Discussion in 'Beginner Articles' started by Texas1911, Jan 10, 2011.


    Texas1911 TGT Addict

    May 29, 2017
    Austin, TX
    Preface: I've logged over 3000 hours on a public range as an RSO (Range Safety Officer). I am NRA certified as an RSO, and I've seen my fair share of safety hazards.

    There are 4 core rules to firearm safety that are the pinnacle to remaining a safe gun owner. Failure to follow these is the sure sign of an immature, irresponsible owner and eventually will cause significant or deadly harm to themselves or another individual. Guns are not toys, they are tools and should be treated with the utmost in personal diligence and attention.

    The Laws of Gun Safety

    1.) Treat all Firearms as if they are Loaded.

    This is something that people simply do not comprehend in the public. You may know that the gun isn't loaded, you may have even checked, but the one time you assume that the gun isn't loaded, it will be. As personal testament I have had loaded guns pointed at me that were preceded with "Oh, it's not loaded". Only to find out, much to the owners bewilderment, that it was indeed loaded.

    2.) Keep all Firearms Pointed in a Safe Direction at All Times.

    Too many people get in a hurry, don't pay attention, or simply do not care. The first step in committing negligent homicide is pointing a firearm at someone. A member of this forum was shot in the legs by a Browning 1919, and nearly killed, because the owner of the gun did not pay attention to where it was pointed. All it took was a brush of the trigger, and boom ... one person was bleeding out, and had to be sent via Lifeflight to the ER where they managed to save his life.

    3.) Know what your Target is, and what is Beyond your Target.

    I've seen numerous people that thought it wasn't a big deal to be shooting over the berm. The shooter, usually completely new to rifles or handguns, isn't using proper form and cannot see the sights. Out of frustration the shooter just pulls the trigger anyways, and continues to do this until they are done shooting. The problem with this is that the average .223 Rem round out of an AR15 will travel about 1000 - 2500 yards before it impacts the ground at the angle they are shooting the gun. You could easily kill someone, or injure someone, and in doing so ... getting the range closed down and / or sued out of existence.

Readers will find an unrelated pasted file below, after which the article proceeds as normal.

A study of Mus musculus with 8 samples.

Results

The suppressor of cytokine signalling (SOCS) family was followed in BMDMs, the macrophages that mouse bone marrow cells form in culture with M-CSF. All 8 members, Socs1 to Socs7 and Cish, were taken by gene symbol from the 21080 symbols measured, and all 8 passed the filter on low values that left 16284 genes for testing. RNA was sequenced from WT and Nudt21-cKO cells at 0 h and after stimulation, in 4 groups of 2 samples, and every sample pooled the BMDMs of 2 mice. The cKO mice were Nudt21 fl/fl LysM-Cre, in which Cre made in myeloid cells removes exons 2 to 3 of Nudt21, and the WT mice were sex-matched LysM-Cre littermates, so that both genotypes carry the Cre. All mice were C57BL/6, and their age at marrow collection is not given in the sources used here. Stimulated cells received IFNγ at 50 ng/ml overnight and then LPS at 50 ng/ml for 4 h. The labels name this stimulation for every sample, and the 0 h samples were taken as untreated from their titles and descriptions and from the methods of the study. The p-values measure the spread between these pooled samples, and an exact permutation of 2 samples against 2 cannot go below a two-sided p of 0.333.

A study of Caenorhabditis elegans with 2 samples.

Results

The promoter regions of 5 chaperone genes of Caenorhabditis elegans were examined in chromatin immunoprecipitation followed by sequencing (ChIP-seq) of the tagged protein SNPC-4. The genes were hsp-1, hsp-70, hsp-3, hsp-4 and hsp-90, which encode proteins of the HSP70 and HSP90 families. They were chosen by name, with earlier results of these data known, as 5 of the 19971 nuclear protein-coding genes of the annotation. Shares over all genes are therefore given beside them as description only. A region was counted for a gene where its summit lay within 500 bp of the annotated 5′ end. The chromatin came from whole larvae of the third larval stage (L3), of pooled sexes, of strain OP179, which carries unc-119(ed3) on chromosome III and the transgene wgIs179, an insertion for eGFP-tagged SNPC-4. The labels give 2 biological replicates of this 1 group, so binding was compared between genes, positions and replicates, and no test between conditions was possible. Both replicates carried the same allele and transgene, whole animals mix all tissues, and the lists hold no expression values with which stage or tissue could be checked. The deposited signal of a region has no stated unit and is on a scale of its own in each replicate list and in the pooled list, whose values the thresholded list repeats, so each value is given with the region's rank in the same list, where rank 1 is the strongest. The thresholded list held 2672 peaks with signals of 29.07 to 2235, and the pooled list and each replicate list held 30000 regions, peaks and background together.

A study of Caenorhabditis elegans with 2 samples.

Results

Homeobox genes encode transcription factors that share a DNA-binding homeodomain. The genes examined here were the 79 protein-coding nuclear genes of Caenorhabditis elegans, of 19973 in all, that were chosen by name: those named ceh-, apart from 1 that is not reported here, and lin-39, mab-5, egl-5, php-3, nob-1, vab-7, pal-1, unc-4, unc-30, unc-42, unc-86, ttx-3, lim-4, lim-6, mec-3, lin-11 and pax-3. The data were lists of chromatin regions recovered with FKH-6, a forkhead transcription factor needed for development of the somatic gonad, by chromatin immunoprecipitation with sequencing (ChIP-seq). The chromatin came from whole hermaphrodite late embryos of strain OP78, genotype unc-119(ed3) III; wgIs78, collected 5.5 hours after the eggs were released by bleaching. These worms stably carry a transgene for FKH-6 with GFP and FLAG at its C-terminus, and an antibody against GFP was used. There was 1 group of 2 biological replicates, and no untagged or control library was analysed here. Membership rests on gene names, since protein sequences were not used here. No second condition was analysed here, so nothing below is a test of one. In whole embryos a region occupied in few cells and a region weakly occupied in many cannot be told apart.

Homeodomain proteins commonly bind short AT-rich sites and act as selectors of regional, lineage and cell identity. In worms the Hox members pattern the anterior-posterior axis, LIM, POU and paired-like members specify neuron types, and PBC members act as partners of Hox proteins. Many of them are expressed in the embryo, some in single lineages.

4.) Keep your Finger off the Trigger until you are Prepared to Fire.

    I've seen people nearly blow their fingers off, shoot the ceiling, and the bench directly in front of them. Keeping your finger off of the trigger is an integral part of avoiding being the person that did all of the above. The next time you are at the range, remember, you are 5 lbs. of pressure away from potentially ending someone's life in a horrific and painful manner, and in doing so ... ruining your own life and living with the consequences.

    At a Gun Range

    Conduct at a gun range is as follows:

    1.) Follow the 4 Laws Above.
    2.) Follow the Rules of the Range.
    3.) Observe the Range Safety Officer's Directives.
    4.) Report all Unsafe Activities to the Range Safety Officer or Range Employees
    5.) During a Called "Cease Fire", Clear and Make Safe your Firearm and Step Back.
    6.) If Others Show up During a Cease Fire, Inform them of the Cease Fire.
    7.) If you See an Immediate Safety Issue on the Range, Call a Cease Fire.

    Anyone can call a cease fire on a live range. It is the job of every shooter on the line to ensure a safe environment.

    By being a safe shooter you will take alot of stress off of the range safety officer, and allow him or her to focus on people that are potential safety hazards to you and other shooters. I watch a firing line of 10 stalls, where we can have 20 - 30 people at a time on the firing line (not all shooting). Every one of them is a potential source of unsafe behavior, so it's a busy job of keeping vigilant watch.

    At the range it is the role of every shooter to maintain the safety of themselves and others. Anyone can call a cease fire, and upon calling it, you should inform the Range Safety Office.